UK tech prodigy makes millions by selling app

A LONDON teenager has become one of Britain’s youngest millionaires after selling a popular smartphone app he developed at 15 to Yahoo.

Nick D’Aloisio, 17, designed and built Summly, an iPhone app that condenses news articles for reading on the move after teaching himself to write computer code. Since its launch, the app has reached close to 1m downloads and yesterday, D’Aloisio announced that Summly had been sold for a sum believed to be close to £20m.

“It’s beyond my wildest dreams, I really still see this as a hobby,” he told City A.M., adding that the acquisition means he and Summly’s staff will be working on Yahoo’s mobile apps at the US company’s London headquarters in Soho.

The acquisition, which will see Summly shut down, comes as part of Yahoo’s new plan to focus on mobile services under Marissa Mayer, the former Google executive who joined Yahoo in the summer. Since taking over, Mayer has completed a number of so-called acqui-hires – acquisitions made in order to hire the talented staff behind a business rather than for the business itself – with D’Aloisio by far the youngest to date.

“Across Yahoo, we’re focused on creating beautiful experiences that people are excited to use every day -- products that inspire and delight. We can’t wait to work with Nick and the Summly team to do just that,” Yahoo mobile boss Adam Cahan said.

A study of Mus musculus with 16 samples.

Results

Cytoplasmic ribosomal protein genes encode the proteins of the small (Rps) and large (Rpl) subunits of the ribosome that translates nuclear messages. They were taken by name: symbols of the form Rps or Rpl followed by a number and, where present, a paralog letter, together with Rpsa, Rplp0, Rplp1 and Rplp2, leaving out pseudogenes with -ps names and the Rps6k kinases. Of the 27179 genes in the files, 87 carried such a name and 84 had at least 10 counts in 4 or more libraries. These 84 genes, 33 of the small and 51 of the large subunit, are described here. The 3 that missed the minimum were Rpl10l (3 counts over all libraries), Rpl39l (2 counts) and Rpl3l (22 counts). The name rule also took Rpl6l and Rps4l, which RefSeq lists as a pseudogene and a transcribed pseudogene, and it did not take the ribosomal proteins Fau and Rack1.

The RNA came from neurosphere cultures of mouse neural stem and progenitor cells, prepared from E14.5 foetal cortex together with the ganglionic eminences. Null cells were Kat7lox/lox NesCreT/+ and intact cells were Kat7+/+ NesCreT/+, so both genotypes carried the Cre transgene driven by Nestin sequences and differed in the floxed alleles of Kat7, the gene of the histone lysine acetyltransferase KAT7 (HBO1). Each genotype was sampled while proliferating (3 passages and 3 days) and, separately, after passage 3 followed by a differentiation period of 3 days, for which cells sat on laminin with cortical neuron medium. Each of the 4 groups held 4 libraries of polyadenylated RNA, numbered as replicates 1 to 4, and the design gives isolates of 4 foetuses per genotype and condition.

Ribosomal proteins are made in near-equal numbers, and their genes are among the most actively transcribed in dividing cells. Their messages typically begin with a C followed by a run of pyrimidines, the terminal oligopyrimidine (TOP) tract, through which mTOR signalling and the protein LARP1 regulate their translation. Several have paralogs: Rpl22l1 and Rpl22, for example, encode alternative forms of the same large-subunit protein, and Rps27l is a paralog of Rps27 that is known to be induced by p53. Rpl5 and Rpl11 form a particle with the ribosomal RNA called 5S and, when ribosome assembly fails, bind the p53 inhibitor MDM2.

The teenager’s family is the majority owner of the business, although Summly’s profile has been helped by a number of big name investors such as Stephen Fry and actor Ashton Kutcher. Hong Kong billionaire Li Ka-Shing’s investment fund Horizon Ventures also provided the backing to get the app off the ground.

D’Aloisio said: “Our vision is to simplify how we get information and we are thrilled to continue this mission with Yahoo’s global scale and expertise. For us, it’s the perfect fit.”


ALTHOUGH he is not yet old enough to be a director at his own company, Nick D’Aloisio has been making iPhone apps for almost as long as they have existed. Having got hold of his first computer at nine, he taught himself how to write code from books and web tutorials at home. In 2008, aged 12, he designed FingerMill, a virtual treadmill for fingers, and in 2011 D’Aloisio created Trimit, an early version of Summly which could analyse news articles and condense them into bitesized versions. “I was always fascinated by how we consume and read information and I thought I’d do something myself,” D’Aloisio said.

The success of Trimit beat everyone’s expectations when it hit Apple’s iPhone App Store, and the company named it app of the week. The attention attracted an investment from Hong Kong’s Li Ka-Shing, which gave D’Aloisio the funds to hire a team and set up a Shoreditch base from which to launch a redesigned version of Trimit, now called Summly, last year. In the months that followed, Summly gained hundreds of thousands of users and D’Aloisio was forced to put his studies on hold as he flew to California for investment meetings.

The 17-year-old says he will continue to study for his A-levels in the evening while he works in Yahoo’s London office during the day, where he is expected to stay and work on integrating the Summly experience into the Silicon Valley firm’s apps.

D’Aloisio lives in Wimbledon with his mother, Domestic and General lawyer Diana, and father Lou, who works at Morgan Stanley.